In April 2021, Google began rolling out the Page Experience Update which includes a ranking algorithm change favoring top performing web pages in the search results. Performance is based on a website’s Core Web Vitals, a set of web page metrics that have a large impact on the user experience.
Read on to quickly understand whether your site passes or fails Core Web Vitals.
What are Core Web Vitals
As part of Google’s effort to create a faster Web for all, the Chrome team has been working to standardize a set of metrics to measure how users actually experience the performance of a page. Core Web Vitals has become a major piece in solving this performance puzzle; these metrics focus on loading, interactivity and visual stability.
The following metrics make up Core Web Vitals:
- Largest Contentful Paint (LCP): Measures when the largest content element is fully visible on the screen. LCPs of 2.5 seconds or less are considered good loading experiences.
- First Input Delay (FID): Measures the time from when a user first interacts with a page (click or taps) to the time when the browser is actually able to respond to that interaction. FIDs of 100 milliseconds or less are considered good interactive experiences.
- Cumulative Layout Shift (CLS): Measures how often users experience unexpected layout shifts. CLS’ of .1 or less are considered very visually stable experiences.
To pass Core Web Vitals, each of the above metrics needs to hit the recommended target for 75% of all users who visit your page, segmented across mobile and desktop devices.
How to Measure Core Web Vitals
When a site passes Core Web Vitals, users are 24% less likely to abandon pages. That being said, any website owner can and should measure these metrics. The easiest way to check if your site passes its Core Web Vitals is through PageSpeed Insights.
2. Type your website URL into the search box, press Analyze and wait 5-10 seconds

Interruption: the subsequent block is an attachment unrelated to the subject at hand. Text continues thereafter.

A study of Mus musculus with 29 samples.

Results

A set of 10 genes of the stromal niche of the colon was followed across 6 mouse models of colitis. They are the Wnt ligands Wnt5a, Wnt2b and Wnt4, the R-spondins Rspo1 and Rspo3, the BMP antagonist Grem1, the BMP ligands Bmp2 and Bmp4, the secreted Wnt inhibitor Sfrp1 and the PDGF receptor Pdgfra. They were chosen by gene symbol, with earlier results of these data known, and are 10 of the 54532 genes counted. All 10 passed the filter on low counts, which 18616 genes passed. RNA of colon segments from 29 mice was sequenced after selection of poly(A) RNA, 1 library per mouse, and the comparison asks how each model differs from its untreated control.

3. Scroll down to the Field Data. Immediately, you will see whether or not your site passes or fails the Core Web Vitals assessment in the text above the bar charts.
4. To assess the Core Web Vitals metrics, pay attention to the LCP, FID, and CLS measurements, still under field data. These are also marked by the blue bookmark symbol.
5. Check on your average scores. LCPs of 2.5 seconds or less, FIDs of 100 milliseconds or less, and a CLS of .1 or less are considered good user experiences.
6. To determine whether you pass a single Core Web Vital metric, check the percentage in the green bar. If it’s 75% or higher, you pass. This means your web page delivers a good user experience for that particular metric, at least 75% of the time someone visits it.
Ignore Lab Data
There is both lab and field data on the PageSpeed Insights page. Field data is from real users who actually load and interact with your page. Lab data is measured with a controlled test under ideal conditions and does not capture real-world bottlenecks (ie. device, network conditions, settings, etc.).
Google does not use lab data or the even the Lighthouse performance score for ranking your site. Rank is only based off of the field data shown in the image below.
How to Improve Your Core Web Vitals
You are likely not passing Core Web Vitals due to a number of reasons. PageSpeed Insights offers audits for LCP and CLS. While FID is not included, the optimization that improves Total Blocking Time (TBT) should also improve FID in the field.
To see your audit, follow the steps below:
- Scroll down to the Opportunities section of the page and you will see Audits for specific metrics.
- Click on the metric you want to improve and you will access more in-depth techniques for improving load times, interactivity or visual stability on your web page.
Generally, there are a few common reasons why a Core Web Vital fails.
Largest Contentful Paint is easily affected by the following factors:
- Slow server response times
- Long resource load times
- Client-side rendering issues
First Input Delay is impacted by:
- Long tasks that block the main thread for 50 milliseconds or more
- First-party script execution delaying interaction readiness
Visual instability, or Cumulative Layout Shift, is an issue when:
- An image, video or ad resizes itself
- Font loads late and is displayed larger or smaller than intended
For solutions on how to fix each of these issues, see this Core Web Vitals Optimization blog.
Prep Your Site for a Good User Experience
By the end of August, Google will have completely rolled out the page experience update ranking change. If your site passes Core Web Vitals you will see higher SEO and have lower bounce rates. More importantly, you will deliver an exceptional experience that satisfies your users enough to stay and return.
Guide to Iceland, Iceland’s largest travel website, failed all three metrics before coming onto the Layer0 platform. Now, its site speed has improved by 55%, and passes Core Web Vitals with flying colors.